January 8, 2024 By    

Trader’s Corner, a weekly partnership with Cost Management Solutions, analyzes propane supply and pricing trends. This week, Mark Rachal, director of research and publications, discusses the current state of U.S. propane inventory and the expected impact on pricing.

Catch up on last week’s Trader’s Corner here: Managing supply price risk in the second half of winter

Regular readers of Trader’s Corner will recall that, just before Christmas, we were lamenting the lack of winter demand in recent years. We were nostalgic for a winter with tension and angst because of supply tightness. In that article, we included Chart 1 on Midwest propane inventory.

Chart 1: Midwest Propane Inventory for Week 49 of 2023 (Chart: Cost Management Solutions)

Chart 1: Midwest Propane Inventory for Week 49 of 2023

We followed Chart 1 with this statement: Midwest demand is largely weather dependent. What the heck is that over the past three weeks? Need we remind anyone this is occurring in December? Bah humbug!

Don’t tell your grandchildren, but apparently whining does pay off. The U.S. Energy Information Administration (EIA) made an inventory adjustment in its report for the week ending Friday, Dec. 15. The data for that report was released on Wednesday, Dec. 20. Apparently, Midwest inventory had become overstated starting with the week ending Nov. 15. For the week ending Dec. 15, the EIA reported just over a 9-million-barrel draw on total U.S. propane inventory. The bulk of the draw came from Midwest inventory, which included about a 5-to-6-million-barrel adjustment.

Chart 2 is where inventories stand after the adjustment.

Chart 2: Midwest Propane Inventory for Week at End of 2023 (Chart: Cost Management Solutions)

Chart 2: Midwest Propane Inventory at End of 2023 

Obviously, the adjustment changes the complexion of the inventory situation. If we focus on the red line for the year, Midwest inventories were above both 2022 and the five-year average levels all through 2023. Now, inventories are 1.893 million barrels, 8 percent, below 2022 and 0.2 percent below the five-year average.

Chart 3: Conway Propane % of Crude High Low Percentage 2018-2023 (Chart: Cost Management Solutions)

Chart 3: Conway Propane % of Crude High Low Percentage 2018-2023

Chart 3 plots propane’s value relative to crude on a simple percentage basis. Over the past 10 years, Conway has averaged 47 percent of the value of West Texas Intermediate (WTI) crude. The relative value is slightly higher this time of year at around 50 percent. In 2023, Conway averaged 38 percent of WTI crude. That was understandable given the persistently high level of inventories all through the year.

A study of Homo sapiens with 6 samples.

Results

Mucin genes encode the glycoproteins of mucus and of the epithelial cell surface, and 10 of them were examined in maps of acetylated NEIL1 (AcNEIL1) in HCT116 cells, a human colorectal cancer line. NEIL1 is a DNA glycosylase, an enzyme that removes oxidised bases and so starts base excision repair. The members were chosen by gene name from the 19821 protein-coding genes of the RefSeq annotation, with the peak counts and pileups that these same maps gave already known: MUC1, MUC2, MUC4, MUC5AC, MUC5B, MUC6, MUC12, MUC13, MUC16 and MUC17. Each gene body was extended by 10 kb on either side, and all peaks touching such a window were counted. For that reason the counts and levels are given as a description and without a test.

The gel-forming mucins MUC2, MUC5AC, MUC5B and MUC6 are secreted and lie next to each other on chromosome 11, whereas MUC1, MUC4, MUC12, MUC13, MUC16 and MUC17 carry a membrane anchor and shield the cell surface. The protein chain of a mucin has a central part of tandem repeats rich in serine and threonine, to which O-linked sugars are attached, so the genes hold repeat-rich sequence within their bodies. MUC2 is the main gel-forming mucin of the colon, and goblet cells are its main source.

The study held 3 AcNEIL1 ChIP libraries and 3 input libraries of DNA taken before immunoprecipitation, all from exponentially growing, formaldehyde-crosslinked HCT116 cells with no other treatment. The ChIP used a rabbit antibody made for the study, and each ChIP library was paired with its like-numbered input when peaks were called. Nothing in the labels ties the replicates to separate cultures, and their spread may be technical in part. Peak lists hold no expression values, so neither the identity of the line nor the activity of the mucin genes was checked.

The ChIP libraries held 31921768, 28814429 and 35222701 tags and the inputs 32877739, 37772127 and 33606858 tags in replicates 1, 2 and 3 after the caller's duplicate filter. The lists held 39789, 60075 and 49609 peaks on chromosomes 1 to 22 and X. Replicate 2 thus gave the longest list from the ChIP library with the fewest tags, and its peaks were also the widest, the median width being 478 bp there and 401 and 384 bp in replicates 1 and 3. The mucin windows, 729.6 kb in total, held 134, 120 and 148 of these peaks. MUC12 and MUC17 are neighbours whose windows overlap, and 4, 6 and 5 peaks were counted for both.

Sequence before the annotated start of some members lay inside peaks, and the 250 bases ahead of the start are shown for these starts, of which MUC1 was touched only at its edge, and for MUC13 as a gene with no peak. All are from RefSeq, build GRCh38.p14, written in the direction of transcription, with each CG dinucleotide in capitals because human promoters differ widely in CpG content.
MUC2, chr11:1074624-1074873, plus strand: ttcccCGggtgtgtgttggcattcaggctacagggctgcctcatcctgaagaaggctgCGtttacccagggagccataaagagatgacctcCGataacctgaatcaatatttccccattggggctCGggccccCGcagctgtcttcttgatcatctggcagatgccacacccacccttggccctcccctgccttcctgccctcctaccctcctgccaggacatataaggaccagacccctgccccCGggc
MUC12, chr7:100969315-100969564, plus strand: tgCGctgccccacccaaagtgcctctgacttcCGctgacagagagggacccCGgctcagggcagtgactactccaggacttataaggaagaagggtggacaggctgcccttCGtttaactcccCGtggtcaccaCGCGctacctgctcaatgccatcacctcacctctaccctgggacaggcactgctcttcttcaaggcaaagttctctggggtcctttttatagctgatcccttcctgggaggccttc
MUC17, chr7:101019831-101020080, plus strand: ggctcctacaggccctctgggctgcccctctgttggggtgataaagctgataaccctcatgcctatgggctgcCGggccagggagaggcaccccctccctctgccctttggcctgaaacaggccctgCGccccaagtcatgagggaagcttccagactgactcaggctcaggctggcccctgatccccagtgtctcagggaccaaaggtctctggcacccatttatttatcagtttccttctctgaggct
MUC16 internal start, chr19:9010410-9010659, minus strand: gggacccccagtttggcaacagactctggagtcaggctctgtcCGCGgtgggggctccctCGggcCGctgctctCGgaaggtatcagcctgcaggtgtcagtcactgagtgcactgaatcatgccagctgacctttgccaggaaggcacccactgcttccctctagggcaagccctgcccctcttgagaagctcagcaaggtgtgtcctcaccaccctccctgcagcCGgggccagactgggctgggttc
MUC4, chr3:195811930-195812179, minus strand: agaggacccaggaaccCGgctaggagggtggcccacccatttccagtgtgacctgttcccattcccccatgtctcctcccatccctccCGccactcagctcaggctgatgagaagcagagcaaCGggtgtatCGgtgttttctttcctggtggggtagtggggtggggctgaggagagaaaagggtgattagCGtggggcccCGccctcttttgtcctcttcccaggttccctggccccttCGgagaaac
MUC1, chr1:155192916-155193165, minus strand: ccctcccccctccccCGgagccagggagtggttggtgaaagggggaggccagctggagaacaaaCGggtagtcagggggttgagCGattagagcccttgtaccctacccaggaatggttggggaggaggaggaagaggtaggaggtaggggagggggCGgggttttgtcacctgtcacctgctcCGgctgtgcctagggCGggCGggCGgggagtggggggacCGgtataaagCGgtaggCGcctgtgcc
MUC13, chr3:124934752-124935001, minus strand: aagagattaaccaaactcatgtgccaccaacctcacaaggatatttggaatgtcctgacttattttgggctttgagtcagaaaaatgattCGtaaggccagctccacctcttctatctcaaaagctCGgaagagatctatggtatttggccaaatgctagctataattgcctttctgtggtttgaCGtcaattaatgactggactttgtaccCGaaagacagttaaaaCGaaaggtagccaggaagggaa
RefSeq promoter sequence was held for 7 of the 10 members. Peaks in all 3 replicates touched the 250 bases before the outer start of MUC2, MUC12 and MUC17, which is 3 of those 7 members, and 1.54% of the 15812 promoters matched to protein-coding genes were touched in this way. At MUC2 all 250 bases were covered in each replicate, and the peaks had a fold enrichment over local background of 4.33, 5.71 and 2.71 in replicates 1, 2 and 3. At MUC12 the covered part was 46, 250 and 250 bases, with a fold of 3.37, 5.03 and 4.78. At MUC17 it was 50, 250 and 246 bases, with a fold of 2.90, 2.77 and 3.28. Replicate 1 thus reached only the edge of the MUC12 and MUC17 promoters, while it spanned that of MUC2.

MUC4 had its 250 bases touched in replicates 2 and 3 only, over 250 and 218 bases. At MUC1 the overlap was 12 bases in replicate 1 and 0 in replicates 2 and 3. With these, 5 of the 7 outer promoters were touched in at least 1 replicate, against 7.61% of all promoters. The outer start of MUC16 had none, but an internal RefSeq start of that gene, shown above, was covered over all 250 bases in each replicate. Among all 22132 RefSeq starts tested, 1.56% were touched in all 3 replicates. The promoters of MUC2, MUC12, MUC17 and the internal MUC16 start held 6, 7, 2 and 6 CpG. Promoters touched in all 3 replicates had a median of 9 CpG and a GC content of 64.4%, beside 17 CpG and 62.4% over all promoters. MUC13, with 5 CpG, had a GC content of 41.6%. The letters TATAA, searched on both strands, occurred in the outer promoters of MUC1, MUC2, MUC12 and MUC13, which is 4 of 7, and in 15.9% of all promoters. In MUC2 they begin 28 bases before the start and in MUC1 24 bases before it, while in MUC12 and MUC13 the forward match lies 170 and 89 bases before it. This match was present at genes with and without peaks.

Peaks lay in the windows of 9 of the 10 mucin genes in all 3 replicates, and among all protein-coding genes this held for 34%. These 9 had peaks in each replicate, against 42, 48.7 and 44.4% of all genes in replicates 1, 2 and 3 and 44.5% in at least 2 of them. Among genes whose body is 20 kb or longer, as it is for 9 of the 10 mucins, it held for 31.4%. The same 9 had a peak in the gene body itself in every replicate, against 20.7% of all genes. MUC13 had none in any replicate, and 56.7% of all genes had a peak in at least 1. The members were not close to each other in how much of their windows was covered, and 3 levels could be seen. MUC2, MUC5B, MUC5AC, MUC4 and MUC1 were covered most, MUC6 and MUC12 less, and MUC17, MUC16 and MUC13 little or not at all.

Presently, Conway is valued at 40 percent of the value of WTI crude. With the inventory adjustment and the current level of inventories, is that justified? In November, Conway was valued at 34 percent of WTI crude and moved up in December. But Conway’s price hasn’t responded much to the inventory adjustment.

Chart 4: Temperature Outlook for Jan. 11-15, 2024 (Chart: EIA)

Chart 4: Temperature Outlook for Jan. 11-15, 2024 (Chart: EIA)

The temperature probability in Chart 4 shows increased potential for weather-related demand in the Midwest. The outlook applies to the Jan. 11-15 time frame.

This demand may result in a call on Midwest propane inventories that will bring them even further below the five-year average. Our concern is that the market, with a little nudge from the weather, realizes that Conway propane valued at 40 percent of WTI is not appropriate given the significant change in inventory position over the past few weeks.

If crude stays at $74 per barrel, and Conway gets revalued to 47 percent of WTI, it would be a 12-cent gain in Conway’s price. Given the situation, we think short-term price protections for propane supplies valued relative to Conway are appropriate for January. That can be done by filling tanks early, doing a pre-buy or using a forward/swap to cover short-term needs. To us, there is an increased upside price risk that is worth managing in some way.

Further, we don’t think the risk is necessarily confined to the Midwest. If traders feel Conway needs to be revalued, that likely will carry over to Mont Belvieu as well.

Unless noted, all charts courtesy of Cost Management Solutions.